By now, most fans of Calle 13-the irreverent urban duo from Puerto Rico-have seen the act's video for "Calma Pueblo," in which people tear off their clothes as a sign of rebellion only to be shot down by unseen rifles. Featuring rock group the Mars Volta, the video and song are shocking, for not only the full frontal nudity-male and female-but also the relentless, aggressive beats and the lyrics, which disparage everything from lip-synching in live performances to payola to dishonest politicians.
"I had written eight pages of lyrics for the song, and I deleted and deleted," says Rene Perez (aka Residente), who, along with brother Eduardo Cabra (aka Visitante), make up Calle 13. "Because it's subject matter that can come off like cheap pamphleteering. And that's not what I wanted to do."
Calle 13 has perfected the art of vocal and voluble social commentary to a degree not found before in Latin music, and the duo has earned critical praise and multiple Latin Grammy Awards as a result. But the two artists aren't grim-faced ideologues-the brothers make sure to inject humor and dance beats into their music. Those two traits come together on their new album, "Entren los Que Quieran" (Anyone Can Come In), due Oct. 25 on Sony Music Latin. The set mixes politics with introspectiveness, or, as Perez describes it, "pretty songs, with good lyrics, but pretty."
Could those pretty songs make it to U.S. radio? Thus far it's been a rare occurrence for a group whose music defies definition and radio formats-and whose new album denounces payola as the means to get No. 1 hits.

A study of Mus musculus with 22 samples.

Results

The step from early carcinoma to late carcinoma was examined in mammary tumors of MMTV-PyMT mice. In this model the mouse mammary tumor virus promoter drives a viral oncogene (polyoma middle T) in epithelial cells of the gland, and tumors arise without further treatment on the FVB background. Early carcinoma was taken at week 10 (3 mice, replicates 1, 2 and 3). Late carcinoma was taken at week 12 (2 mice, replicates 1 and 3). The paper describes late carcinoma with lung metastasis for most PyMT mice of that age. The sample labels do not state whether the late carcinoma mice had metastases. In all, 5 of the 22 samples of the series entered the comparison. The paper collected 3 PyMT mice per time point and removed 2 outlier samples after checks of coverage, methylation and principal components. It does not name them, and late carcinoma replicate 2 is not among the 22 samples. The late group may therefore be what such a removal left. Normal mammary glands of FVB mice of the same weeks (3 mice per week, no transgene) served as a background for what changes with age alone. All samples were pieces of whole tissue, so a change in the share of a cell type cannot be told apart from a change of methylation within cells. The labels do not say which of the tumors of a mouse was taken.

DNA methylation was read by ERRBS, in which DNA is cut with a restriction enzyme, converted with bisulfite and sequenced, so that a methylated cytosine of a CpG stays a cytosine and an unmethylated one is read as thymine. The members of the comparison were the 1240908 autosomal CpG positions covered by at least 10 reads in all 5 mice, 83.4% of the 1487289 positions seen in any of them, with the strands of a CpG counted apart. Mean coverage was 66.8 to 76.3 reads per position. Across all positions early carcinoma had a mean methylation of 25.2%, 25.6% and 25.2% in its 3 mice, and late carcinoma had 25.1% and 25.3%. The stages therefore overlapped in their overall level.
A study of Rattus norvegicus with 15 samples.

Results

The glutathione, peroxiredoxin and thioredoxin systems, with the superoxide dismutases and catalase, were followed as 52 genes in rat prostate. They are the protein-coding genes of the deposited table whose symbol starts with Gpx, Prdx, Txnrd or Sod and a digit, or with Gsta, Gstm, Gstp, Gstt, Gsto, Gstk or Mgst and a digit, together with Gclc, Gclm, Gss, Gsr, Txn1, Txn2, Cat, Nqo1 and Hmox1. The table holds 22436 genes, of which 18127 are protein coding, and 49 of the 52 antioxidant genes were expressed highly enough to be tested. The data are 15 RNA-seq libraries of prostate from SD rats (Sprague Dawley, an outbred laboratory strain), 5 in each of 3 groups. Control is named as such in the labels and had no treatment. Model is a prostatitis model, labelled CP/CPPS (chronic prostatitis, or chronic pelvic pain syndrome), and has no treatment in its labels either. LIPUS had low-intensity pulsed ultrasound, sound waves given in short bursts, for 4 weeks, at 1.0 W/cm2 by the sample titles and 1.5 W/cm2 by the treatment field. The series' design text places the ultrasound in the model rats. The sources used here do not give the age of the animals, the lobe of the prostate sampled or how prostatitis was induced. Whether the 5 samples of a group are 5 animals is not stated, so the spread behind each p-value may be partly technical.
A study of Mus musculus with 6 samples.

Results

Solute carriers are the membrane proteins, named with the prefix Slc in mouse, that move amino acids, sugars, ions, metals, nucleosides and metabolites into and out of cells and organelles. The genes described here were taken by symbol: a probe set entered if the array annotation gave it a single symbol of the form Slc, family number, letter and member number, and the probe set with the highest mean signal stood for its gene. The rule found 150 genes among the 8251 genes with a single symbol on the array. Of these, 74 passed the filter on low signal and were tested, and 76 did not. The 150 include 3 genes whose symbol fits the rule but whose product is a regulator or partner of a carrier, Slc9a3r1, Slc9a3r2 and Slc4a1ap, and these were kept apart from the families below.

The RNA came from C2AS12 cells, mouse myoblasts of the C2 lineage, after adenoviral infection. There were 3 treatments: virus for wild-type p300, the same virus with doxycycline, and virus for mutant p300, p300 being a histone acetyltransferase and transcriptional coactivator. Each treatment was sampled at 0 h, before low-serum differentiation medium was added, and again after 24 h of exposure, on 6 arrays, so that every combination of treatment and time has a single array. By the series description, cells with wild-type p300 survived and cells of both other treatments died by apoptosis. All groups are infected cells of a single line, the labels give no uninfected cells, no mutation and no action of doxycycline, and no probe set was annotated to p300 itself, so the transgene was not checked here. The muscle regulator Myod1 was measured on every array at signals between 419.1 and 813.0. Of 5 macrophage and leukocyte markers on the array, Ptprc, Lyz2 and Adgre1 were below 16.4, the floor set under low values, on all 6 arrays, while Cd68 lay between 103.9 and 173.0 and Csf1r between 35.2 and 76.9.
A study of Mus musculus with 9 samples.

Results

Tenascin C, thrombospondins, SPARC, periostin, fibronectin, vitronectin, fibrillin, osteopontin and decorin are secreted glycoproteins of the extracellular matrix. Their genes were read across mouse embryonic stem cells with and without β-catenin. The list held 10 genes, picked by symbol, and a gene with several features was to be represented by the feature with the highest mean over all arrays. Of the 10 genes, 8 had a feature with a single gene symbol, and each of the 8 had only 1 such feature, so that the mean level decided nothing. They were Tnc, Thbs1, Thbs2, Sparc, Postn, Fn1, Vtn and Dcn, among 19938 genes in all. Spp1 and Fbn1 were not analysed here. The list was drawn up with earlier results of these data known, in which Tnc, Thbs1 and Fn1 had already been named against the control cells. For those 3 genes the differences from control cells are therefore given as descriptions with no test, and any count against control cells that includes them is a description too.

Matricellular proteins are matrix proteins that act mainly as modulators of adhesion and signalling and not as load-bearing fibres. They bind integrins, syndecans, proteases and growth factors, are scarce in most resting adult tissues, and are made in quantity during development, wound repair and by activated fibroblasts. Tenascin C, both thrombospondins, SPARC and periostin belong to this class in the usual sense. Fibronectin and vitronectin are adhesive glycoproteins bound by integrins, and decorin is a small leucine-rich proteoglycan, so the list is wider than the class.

Still, Perez says, there's at least one (still untitled) track on the new album that's "so good, it'll be No. 1 on every station. I don't even think I'll have to pay."
Calle 13 hasn't had a U.S. radio hit since "Atrevete Te, Te!" in 2006, from the duo's self-titled debut. (It reached No. 15 on Billboard's Hot Latin Songs chart.) And Sony says it hasn't been easy to get airplay.
"Latin America is their real home," Sony Music U.S. Latin VP of marketing Paula Kaminsky says, though she notes that singles will be worked to U.S. radio. Still, she adds, videos are essential to the group's promotion. For example, while the duo's new single, "Baile de los Pobres," likely won't go to radio, a video is being shot. And despite Perez's comments about brands in "Calma Pueblo" ("Adidas doesn't use me, I use Adidas," he says of his current sponsor), there are others waiting in the wings. Perez's rhetoric, Kaminsky says, "doesn't affect us. On the contrary, he's one of the artists most requested by brands. He's very attractive as a personality."
The fact that Sony supports Calle 13's persona and behavior makes for an unusual alliance. While Calle 13 has had relatively modest U.S. sales (the duo's last album, 2008's "Los de Atras Vienen Conmigo," has sold 54,000 copies, according to Nielsen SoundScan), Sony is aggressively promoting the group throughout Latin America and Spain.
And the label allows Calle 13 to be unorthodox, as it was with the "Calma Pueblo" song and video, which originally were only released on the group's website.
"The Web is a very heavy tool," Perez says. "I wanted to do something exclusively for the Internet. The idea was to work freely, without any self-censoring. If there was no censoring [in media], this is the video I'd make. And since I have my Web page, I put it up there, so whoever wanted to watch could come and do so."